Have you noticed how political campaigns are trying to convince us we should fear large sums of money? Have you heard that the world is going to implode if your candidate doesn't raise more money than the opponent?
I'm getting way too many e-mails from candidates I support from the president on down that are trying to convince me that all is lost if their opponents raise more money. I thought this was about votes. I realize money is needed to get the message out and pay staffers to handle the details, but I'd like to lay out some facts for all the campaigns.
The rich are rich and are going to stay that way. You, dear candidate, are more likely to be rich too. You're in the spotlight. You've got a job no matter how politically retarded you are. Look how well Moosegutter Palin has done for herself and her whole Hee Haw gang. You could probably get a huge bank loan just by putting your name and potential up as collateral.
Spend your funds wisely. If I want a button or sticker or sign to show my support, I'll buy one or make one. If I buy one, most likely it will be from someone who has made them and is using the opportunity current events present to be entreprenuerial. Some of their work, by the way, is more imaginative than your campaign team could ever come up with any way.
Don't waste money on a million ads. After I see an ad once or twice, I'm not watching again. After years of listening to fundamentalist yammering, I have a finely geared automatic tune out response to anything that is constantly repeated. Don't worry, I feel the same way about your opponents' ads, only they annoy me so I probably didn't listen to them past the first 5 seconds. Judging by the amount of uninformed people walking around despite constant advertising on all media outlets, I believe others have developed this response as well.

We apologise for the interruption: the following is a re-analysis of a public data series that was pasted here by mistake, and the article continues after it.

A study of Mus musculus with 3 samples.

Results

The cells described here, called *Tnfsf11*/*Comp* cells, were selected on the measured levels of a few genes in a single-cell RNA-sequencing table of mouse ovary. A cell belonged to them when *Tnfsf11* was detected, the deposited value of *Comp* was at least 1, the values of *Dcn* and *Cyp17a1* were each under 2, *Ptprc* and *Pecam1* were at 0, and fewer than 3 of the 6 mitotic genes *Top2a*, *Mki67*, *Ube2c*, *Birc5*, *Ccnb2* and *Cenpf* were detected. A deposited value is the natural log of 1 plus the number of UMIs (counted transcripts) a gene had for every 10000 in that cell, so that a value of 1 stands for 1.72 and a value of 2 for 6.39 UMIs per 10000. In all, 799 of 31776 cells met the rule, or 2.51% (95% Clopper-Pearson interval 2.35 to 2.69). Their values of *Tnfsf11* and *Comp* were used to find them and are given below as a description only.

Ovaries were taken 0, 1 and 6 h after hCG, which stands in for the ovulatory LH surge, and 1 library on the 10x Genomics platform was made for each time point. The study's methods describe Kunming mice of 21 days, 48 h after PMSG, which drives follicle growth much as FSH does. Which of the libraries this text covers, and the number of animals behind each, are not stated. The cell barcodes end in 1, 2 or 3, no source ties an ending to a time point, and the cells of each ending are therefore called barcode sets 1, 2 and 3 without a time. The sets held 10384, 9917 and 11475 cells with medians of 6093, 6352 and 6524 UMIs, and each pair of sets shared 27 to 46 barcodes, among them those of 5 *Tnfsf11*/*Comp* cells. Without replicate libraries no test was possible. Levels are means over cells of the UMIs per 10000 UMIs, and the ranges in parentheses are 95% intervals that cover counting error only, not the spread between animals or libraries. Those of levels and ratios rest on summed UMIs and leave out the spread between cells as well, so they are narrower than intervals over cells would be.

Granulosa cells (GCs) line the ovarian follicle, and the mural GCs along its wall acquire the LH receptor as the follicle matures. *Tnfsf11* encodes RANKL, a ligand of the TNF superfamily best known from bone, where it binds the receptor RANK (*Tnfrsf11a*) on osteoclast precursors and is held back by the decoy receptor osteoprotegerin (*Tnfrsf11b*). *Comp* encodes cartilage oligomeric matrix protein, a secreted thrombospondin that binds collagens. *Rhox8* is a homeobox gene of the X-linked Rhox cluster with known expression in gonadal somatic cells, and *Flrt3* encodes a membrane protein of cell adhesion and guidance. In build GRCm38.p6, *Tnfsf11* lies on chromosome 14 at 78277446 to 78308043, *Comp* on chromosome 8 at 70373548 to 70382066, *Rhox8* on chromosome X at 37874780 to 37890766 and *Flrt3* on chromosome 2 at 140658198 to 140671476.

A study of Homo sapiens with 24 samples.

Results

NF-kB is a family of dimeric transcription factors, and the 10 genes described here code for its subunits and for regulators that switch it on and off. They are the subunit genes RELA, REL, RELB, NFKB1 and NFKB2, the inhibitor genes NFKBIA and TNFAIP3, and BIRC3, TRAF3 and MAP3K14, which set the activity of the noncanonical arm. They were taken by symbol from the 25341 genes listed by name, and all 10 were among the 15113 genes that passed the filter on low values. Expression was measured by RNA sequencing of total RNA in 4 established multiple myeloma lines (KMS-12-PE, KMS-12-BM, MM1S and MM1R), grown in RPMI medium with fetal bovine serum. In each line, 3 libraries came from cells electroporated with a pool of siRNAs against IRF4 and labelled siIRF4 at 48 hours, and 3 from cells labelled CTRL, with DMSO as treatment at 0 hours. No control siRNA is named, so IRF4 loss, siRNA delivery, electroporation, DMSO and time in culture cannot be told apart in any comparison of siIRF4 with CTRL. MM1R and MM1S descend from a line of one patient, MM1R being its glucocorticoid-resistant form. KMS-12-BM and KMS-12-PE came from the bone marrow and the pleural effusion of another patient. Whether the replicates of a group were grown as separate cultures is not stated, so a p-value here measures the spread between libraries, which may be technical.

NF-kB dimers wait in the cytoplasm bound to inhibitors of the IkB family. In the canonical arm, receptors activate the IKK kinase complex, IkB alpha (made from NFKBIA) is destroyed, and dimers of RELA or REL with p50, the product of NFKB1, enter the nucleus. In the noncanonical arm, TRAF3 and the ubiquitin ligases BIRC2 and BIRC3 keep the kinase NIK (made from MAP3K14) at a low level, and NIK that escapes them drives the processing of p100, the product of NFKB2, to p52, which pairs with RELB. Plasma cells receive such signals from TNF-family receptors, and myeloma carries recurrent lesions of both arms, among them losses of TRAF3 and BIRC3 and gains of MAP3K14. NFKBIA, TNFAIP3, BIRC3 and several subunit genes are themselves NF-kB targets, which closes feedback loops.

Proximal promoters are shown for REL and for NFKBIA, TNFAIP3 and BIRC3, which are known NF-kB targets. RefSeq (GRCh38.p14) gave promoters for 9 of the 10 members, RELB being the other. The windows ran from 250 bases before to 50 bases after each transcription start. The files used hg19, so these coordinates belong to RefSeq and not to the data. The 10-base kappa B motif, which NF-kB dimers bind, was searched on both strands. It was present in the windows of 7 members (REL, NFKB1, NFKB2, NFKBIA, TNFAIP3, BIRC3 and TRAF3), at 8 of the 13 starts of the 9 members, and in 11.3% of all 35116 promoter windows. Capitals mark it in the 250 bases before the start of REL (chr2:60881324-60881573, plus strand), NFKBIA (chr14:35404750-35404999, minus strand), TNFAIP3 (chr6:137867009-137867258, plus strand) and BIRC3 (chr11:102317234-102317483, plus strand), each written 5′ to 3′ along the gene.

Simplicity is underrated. As much as I enjoy a big stage production, you don't need it. People who come to hear you speak are there because they support you. They may have convinced a friend on the fence to come along, but you're not going to dazzle the skeptic with glitter. Present your platform from the heart and if you truly believe your own words, others will too. If your audience would respond better to a Muppet without a puppeteer's hand up its backside, then you're probably Mitt Romney.
If you want the job invest in yourself. Mortgage your home or homes. Raid your kids' college funds. Sell your stuff. Take out a bank loan. Go without a vacation for a few years. Don't go to the doctor when you are sick. Put off home repairs, especially if they can be mended with duct tape or super glue. Live like you've got student loans and two part-time minimum wage jobs. Think of the campaign as an interview that goes on for months and if you don't get the position, your dog will die because you couldn't afford the medication to save him.
And for crissake, STOP begging for money. Stop whining about Joe Blow out-raising and out-spending you! Would I like to have a CEO's salary? Hell, yes! Am I going to get it by nagging at my supervisor? Hell, no! Accept the fact that someone makes more money than you and don't dwell on how he made it or you'll probably want to kill someone. Try doing what tens of millions of regular people do - work with what you've got. The voters do it all the time. They can relate to this much more than receiving a dozen e-mails a day from wealthy men and women panhandling for $5.
This is how we can get money out of politics. We make it not matter. We make fundraising a dead issue. We accept that the best candidate may not have the fattest bank account.
Fiscal responsibility is a big turn-on. Candidates should practice it.